U.N. Blames Climate Change for Global Mass Migration

Migrants wave aboard a Salvamento Maritimo sea search and rescue agency vessel after they were rescued from a boat stranded in the Strait of Gibraltar during a rescue operation with the Spanish Guardia Civil on September 8, 2018.

The United Nations has blamed human-induced climate change for mass migration as its COP25 convention on climate change lurches into gear in Madrid Monday.

“Climate change and displacement — how are they linked?” the U.N.’s migration office (UNHCR) asks in a new one-minute video.

“Climate change means extreme weather events are happening more often and with greater force. Rising sea levels, drought, floods, wildfires, and other natural hazards are forcing people to flee their homes,” the video asserts.

“Most are displaced inside their own countries, but people may also cross borders to find safety,” the text states. “Climate change can also intensify conflicts as people compete for scarce resources.”

“When disasters interact with the effects of conflict and violence, some people fleeing in this context may become refugees,” it says.

As a human interest story to witness this depravity, the UNHCR inserts a short clip of a Zimbabwean woman named Precious Ryrhayo, who was forced from her home because of flooding.

“I was sleeping then water falls away inside of the house. Then we wake up and run away,” Ms. Ryrhayo declares.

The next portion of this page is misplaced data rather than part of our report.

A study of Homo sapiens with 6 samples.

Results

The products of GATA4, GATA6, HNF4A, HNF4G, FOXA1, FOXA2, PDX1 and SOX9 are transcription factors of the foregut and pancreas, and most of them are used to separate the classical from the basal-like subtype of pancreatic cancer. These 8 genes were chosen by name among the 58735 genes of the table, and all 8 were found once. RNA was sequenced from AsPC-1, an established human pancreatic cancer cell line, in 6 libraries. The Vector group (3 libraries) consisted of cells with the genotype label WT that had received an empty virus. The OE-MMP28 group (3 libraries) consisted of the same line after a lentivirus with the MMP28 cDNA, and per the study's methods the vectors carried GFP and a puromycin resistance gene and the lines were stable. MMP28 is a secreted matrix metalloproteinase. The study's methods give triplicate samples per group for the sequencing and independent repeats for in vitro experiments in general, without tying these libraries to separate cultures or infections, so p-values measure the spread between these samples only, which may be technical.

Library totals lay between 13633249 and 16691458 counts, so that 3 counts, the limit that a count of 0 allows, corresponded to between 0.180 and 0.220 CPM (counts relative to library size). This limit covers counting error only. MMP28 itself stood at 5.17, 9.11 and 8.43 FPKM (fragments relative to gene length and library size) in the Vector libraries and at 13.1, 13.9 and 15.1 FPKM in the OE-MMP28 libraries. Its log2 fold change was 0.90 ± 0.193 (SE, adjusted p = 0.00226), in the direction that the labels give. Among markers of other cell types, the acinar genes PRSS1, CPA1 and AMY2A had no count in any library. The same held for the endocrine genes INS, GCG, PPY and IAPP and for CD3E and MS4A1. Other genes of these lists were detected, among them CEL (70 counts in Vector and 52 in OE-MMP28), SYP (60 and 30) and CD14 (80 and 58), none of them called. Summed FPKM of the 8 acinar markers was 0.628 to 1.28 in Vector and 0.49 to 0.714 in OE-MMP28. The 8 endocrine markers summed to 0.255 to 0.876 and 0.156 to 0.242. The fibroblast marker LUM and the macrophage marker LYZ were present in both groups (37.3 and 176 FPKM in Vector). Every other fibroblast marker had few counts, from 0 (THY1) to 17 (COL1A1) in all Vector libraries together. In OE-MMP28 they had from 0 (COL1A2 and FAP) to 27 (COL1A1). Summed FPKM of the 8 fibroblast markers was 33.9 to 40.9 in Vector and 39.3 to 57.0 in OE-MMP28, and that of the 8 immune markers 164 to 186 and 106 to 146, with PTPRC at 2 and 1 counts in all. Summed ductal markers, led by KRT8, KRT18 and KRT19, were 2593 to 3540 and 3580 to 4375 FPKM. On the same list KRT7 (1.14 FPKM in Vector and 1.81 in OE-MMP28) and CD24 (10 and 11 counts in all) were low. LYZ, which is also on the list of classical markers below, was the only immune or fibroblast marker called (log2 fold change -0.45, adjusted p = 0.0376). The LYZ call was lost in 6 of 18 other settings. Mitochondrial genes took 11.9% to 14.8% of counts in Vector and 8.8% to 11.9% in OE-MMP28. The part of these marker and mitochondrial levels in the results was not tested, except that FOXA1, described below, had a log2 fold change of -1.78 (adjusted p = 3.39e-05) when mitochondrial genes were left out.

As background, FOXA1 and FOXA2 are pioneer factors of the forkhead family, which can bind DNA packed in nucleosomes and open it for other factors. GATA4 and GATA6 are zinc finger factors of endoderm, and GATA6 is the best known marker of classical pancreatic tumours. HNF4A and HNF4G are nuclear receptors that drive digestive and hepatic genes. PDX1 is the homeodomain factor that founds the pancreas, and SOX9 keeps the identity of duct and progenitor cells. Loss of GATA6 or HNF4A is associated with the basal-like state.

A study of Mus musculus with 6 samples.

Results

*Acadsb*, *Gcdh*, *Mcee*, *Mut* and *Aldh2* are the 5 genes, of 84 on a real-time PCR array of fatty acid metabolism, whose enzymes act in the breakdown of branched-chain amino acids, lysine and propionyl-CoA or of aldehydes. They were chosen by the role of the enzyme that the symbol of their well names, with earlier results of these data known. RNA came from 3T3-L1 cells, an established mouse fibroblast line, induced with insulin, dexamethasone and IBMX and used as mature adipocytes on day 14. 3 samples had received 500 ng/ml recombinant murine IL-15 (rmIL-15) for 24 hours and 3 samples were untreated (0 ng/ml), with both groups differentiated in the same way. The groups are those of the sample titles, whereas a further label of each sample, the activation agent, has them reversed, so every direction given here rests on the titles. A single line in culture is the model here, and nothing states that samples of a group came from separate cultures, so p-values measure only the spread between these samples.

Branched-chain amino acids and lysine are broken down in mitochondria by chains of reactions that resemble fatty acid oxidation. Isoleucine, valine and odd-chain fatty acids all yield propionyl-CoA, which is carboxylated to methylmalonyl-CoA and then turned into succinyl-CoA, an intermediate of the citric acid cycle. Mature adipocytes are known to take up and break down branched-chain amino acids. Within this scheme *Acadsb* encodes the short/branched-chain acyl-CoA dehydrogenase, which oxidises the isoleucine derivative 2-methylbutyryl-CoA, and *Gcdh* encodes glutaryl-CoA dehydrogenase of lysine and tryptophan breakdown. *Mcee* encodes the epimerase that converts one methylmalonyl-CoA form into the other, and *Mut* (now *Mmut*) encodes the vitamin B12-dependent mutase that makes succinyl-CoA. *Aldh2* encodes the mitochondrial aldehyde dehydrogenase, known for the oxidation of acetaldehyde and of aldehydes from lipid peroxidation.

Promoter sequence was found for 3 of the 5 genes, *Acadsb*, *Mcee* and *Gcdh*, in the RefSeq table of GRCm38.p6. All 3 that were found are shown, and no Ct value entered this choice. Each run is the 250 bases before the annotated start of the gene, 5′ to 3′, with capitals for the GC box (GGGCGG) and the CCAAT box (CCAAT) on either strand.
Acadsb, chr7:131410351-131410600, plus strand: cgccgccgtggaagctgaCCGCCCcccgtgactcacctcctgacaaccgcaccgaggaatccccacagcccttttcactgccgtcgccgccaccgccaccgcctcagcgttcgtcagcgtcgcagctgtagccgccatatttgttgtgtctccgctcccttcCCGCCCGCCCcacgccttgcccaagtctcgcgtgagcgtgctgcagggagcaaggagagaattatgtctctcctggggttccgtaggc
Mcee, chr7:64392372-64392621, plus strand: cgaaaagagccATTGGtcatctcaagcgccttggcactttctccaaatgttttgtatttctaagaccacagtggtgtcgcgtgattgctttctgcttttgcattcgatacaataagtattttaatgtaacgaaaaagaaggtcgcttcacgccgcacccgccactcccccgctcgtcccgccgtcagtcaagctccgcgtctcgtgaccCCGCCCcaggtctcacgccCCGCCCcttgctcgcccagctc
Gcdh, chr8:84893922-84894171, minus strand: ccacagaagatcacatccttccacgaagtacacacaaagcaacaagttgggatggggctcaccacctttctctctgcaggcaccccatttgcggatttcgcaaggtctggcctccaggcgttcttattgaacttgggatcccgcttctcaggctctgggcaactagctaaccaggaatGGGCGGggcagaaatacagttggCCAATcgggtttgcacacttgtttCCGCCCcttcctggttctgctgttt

While flooding was clearly the cause of Ms. Ryrhayo’s displacement, is it accurate to say that climate change was the culprit?

Curiously, according to the Zimbabwe Meteorological Services Department, the country has actually experienced a slight decrease in average yearly rainfall for the more than 100-year period between 1901 and 2006, so while Ms. Ryrayo undoubtedly experienced the effects of bad weather in the form of flooding, it is thoroughly unscientific to blame that event on climate change.

If anything, that flood would have been less likely now than 100 years ago.

All can agree, however, that the real cost of climate change must be measured in terms of its impact on human lives. One stark metric for such an accounting is annual deaths from extreme-weather events, since the death toll represents the ultimate impact on human beings. What we find, however, is that weather-related deaths have plummeted in the last 100 years to a mere fraction of their previous numbers.

In the year 1900, 1.27 million people died from extreme-weather events, whereas in the last decade, the average deaths globally from such events was 60,000, despite the fact that the world’s population has increased five fold, from 1.6 billion in 1900 to 7.7 billion in 2019.

Put in other terms, if we look at the number of deaths from extreme weather events from the 1920s to the present day, we find that both deaths and death rates have declined exponentially.

Annual deaths from extreme weather

Specifically, the annual number of deaths declined from 484,900 to 35,700, a 92.6 percent decline in absolute terms, while the death rate per million dropped from 241.5 to 5.4, a decrease of a striking 97.8 percent.

One undeniable conclusion from this data is that the human race is coping extraordinarily well with extreme-weather events, regardless of whether they are increasing.